The Windows WMI Command Line Utility

Windows Management Instrumentation (WMI) allows you to write scripts and expose information about a Windows 7 resource or service. As we have seen in the previous post – Windows Management Instrumentation (WMI), WMI allows you to access system management information from the command-line interface! WMI can become handy when you need to retrieve specific information which may be not available from the GUI. Mastering the WMI command line utility may turn you into command line freak never wanting to leave the command line.

Let’s see some simple examples, open a command prompt window and run the following commands:

To get information about your system memory including speed, slot location, size and description type:

wmic memorychip get Speed, Description, BankLabel, Tag, Capacity, DeviceLocator

A typical output of this command is shown below:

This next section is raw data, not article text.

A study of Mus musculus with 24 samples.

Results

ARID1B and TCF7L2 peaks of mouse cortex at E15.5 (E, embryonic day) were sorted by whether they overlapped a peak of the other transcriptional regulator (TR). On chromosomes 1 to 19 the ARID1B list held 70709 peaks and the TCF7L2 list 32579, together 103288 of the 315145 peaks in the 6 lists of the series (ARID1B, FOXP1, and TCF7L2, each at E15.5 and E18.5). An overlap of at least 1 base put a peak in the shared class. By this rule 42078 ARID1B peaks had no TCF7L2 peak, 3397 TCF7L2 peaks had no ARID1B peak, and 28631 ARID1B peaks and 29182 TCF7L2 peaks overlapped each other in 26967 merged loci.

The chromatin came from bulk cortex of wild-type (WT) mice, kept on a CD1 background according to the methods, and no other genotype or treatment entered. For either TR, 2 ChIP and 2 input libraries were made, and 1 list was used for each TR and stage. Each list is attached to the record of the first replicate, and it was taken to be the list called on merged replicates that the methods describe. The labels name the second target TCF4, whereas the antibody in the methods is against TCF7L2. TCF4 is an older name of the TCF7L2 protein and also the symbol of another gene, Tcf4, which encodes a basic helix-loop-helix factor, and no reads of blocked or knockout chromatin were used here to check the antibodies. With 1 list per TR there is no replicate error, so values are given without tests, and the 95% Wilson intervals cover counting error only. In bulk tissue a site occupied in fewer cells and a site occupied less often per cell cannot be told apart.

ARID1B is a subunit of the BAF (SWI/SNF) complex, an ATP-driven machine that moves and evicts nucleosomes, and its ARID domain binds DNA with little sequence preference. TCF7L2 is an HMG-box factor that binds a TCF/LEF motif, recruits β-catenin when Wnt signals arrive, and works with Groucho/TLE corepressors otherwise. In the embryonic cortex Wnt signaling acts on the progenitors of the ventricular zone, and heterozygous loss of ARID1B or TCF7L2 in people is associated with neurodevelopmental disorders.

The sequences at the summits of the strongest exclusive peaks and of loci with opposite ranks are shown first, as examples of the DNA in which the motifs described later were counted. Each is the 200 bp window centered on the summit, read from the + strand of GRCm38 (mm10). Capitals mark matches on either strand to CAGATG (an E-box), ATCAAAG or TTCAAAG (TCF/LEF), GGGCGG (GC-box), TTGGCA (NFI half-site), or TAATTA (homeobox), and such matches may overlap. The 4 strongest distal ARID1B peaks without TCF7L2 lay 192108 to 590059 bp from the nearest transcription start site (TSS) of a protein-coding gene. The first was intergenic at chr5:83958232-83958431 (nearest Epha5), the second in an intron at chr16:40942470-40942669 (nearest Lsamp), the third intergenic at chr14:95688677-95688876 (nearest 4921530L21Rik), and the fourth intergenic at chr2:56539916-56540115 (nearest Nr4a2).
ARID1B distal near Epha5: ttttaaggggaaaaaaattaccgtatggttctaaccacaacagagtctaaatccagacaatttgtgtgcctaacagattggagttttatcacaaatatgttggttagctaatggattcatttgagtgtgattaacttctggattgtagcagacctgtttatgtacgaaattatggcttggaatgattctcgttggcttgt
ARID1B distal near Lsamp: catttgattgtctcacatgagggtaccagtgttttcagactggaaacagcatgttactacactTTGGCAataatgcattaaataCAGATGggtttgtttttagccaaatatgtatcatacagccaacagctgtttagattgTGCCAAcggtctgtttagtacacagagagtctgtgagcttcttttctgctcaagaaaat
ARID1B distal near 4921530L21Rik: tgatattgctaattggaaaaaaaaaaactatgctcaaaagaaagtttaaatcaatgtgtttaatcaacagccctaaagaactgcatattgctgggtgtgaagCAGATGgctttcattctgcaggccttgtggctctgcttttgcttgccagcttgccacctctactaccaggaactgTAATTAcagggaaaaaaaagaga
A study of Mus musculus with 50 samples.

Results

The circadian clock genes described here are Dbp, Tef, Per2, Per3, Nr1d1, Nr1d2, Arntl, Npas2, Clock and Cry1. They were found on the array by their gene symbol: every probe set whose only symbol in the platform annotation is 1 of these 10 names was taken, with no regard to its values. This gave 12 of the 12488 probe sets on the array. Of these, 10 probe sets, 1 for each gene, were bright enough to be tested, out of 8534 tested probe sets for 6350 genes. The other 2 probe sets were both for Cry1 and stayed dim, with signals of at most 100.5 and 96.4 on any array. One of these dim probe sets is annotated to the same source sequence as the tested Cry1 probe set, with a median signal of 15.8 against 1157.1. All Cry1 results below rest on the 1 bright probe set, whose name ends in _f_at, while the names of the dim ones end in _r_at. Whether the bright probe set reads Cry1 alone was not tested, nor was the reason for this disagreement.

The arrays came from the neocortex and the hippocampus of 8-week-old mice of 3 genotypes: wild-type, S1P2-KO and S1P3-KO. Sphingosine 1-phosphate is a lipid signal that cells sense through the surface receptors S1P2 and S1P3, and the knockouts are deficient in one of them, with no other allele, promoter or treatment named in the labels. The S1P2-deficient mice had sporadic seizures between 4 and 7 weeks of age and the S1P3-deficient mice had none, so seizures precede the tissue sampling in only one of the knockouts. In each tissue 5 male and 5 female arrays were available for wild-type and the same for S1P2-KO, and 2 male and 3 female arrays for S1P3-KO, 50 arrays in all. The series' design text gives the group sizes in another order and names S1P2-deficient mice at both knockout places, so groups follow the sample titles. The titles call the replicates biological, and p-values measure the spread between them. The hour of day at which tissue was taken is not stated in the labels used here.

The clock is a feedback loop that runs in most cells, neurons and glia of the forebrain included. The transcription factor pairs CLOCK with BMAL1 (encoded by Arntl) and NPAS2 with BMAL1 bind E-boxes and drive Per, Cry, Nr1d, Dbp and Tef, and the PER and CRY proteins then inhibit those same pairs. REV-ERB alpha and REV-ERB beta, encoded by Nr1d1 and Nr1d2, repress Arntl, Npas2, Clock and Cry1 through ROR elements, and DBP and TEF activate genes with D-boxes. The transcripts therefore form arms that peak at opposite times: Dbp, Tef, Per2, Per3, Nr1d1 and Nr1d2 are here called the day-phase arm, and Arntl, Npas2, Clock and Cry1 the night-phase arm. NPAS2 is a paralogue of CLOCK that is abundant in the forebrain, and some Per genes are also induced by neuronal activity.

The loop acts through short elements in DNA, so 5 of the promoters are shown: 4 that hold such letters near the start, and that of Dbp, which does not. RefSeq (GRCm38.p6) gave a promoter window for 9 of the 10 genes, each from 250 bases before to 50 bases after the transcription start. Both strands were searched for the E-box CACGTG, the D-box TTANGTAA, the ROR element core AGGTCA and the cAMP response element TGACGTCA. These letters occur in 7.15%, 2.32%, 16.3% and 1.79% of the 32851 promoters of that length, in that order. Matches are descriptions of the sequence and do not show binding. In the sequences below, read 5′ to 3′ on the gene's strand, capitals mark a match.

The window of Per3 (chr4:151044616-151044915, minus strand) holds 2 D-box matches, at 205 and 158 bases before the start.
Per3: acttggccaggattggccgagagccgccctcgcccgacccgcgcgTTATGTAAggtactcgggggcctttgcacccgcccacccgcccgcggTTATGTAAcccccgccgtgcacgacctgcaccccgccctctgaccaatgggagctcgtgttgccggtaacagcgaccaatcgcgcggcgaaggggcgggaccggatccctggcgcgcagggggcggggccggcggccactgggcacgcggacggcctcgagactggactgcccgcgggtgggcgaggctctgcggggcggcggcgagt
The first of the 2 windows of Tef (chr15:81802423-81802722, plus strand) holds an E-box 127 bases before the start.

BankLabel Capacity        Description           DeviceLocator  Speed   Tag

Bank0/1     2147483648  Physical Memory   DIMM1   667    Physical Memory 0

To get information about your system BIOS including revision and manufacturer type:

wmic bios get Manufacturer, SMBIOSBIOSVersion

A typical output of this command is shown below:

Manufacturer                      SMBIOSBIOSVersion

Phoenix Technologies, LTD   ASUS P5N-MX ACPI BIOS Revision 0402

To get information about your system hard drives including connected flash drives, type:

wmic logicaldisk get Caption, Description, Filesystem

A typical output of this command is shown below:

Caption  Description       FileSystem

C:       Local Fixed Disk   NTFS
D:       CD-ROM Disc
E:       Removable Disk
F:       Removable Disk    FAT

Drives that do not show a FileSystem type indicate an empty slot inside your computer for connecting removable storage devices and cards. The flash drive in this particular case is drive F with FAT FileSystem.